Since the earliest days of social networks I’ve been listening to doctors. I’ve watched our profession move from individual isolation to public visibility. What you’ll find here is the result of thousands of hours of observation of doctors online.
I created this guide to help doctors online survive in a new age of digital connectivity and transparency. It’s one view of how we might begin to think about our role as we build our presence in the wide-open world of networked intelligence.
At its core, The Public Physician is a guide to the public life of the physician. It’s about communication, presence, content and sharing. It’s created to help doctors keep themselves safe and balanced in a visible world. Perhaps just as important, it will help us begin to position ourselves for the opportunities afforded by a connected world.
There are no guidelines for physician conduct on social media
As far as I can tell, this is the first peer-to-peer guide for doctors online. Everyone is looking for rules to govern how doctors should handle themselves in a networked world.
But that’s easier said than done.
It turns out that the rules of day-to-day situations have never been spelled out in guidelines and policies. The subtleties of our conduct and reactions to situations have been traditionally shaped by modeling, personal judgment, emotional intelligence, and the standards of our communities. And some things, it seems, are better left to communities rather than regulatory bodies.
Social media, I suspect, is no different.
Doctors still think they need permission to speak
While new media tools have given every physician a platform to the world, most of us have yet to speak up. We’re preoccupied with how our voices will sound. We pine over what someone might think. We’re too concerned with how we’ll look and not concerned enough with how our thoughts, ideas, and passions could be an instrument for the world.
It used to be that the only place we could share ideas was in a medical journal or from the podium of a national meeting, both of which require your idea to pass through someone’s filter. As physicians, we’ve been raised to seek approval before approaching the microphone.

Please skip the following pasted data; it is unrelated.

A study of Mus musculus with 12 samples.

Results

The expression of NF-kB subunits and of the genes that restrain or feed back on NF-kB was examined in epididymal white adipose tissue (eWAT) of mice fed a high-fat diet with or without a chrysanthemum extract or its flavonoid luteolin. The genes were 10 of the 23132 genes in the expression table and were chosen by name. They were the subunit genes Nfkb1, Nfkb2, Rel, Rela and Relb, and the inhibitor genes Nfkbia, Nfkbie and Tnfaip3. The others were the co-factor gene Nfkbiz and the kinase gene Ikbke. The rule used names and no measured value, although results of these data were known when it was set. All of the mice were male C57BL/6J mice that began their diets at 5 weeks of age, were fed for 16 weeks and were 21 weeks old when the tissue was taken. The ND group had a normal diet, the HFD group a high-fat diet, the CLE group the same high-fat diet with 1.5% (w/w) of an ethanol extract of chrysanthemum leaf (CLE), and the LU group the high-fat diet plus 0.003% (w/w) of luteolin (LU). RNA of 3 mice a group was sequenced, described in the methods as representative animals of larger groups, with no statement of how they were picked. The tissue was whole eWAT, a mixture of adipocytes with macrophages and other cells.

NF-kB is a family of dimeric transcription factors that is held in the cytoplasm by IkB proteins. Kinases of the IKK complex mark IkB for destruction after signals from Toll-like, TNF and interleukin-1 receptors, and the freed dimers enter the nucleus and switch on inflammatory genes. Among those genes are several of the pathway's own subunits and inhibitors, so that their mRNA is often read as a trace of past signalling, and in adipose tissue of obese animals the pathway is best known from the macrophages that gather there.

This is unfortunate.
When I think about the doctors around me, I think about the remarkable mindshare that exists. Each is unique in the way he or she thinks. Each sees disease and the human condition differently. But far too often their brilliance and wisdom is stored away, deep inside. Many physicians are human silos of experience and perspective. They are from an era when someone else decided if their ideas were worthy of discussion. They are the medical generation of information isolation.
I sometimes refer this to this as medicine’s culture of permission, and I believe it represents one of the greatest threats to medicine’s future.
Our future is dependent on a culture of participation
Going forward, the conversion of medical information into knowledge and knowledge into wisdom can only happen in a culture of participation. In the networked world we are all individuals endowed with unique skills, abilities, and gifts. The distinctive mindsets and views that define us will allow us to offer something that was never before available.
If the twentieth century was marked by the physician-as-silo, the twenty-first century will be marked by the dissolution of barriers and the emergence of new ways of collaboration and thinking. The 21st century is being defined by information and networks. The institutions that existed to organize us will give way to social structures compatible with the way we communicate. Tools for sharing and drawing from collective medical intelligence will capture our restrained wisdom.
And if we all allow ourselves to go public, I suspect that we’ll see the most amazing things emerge.
To browse the field guide for doctors online, visit The Public Physician landing page.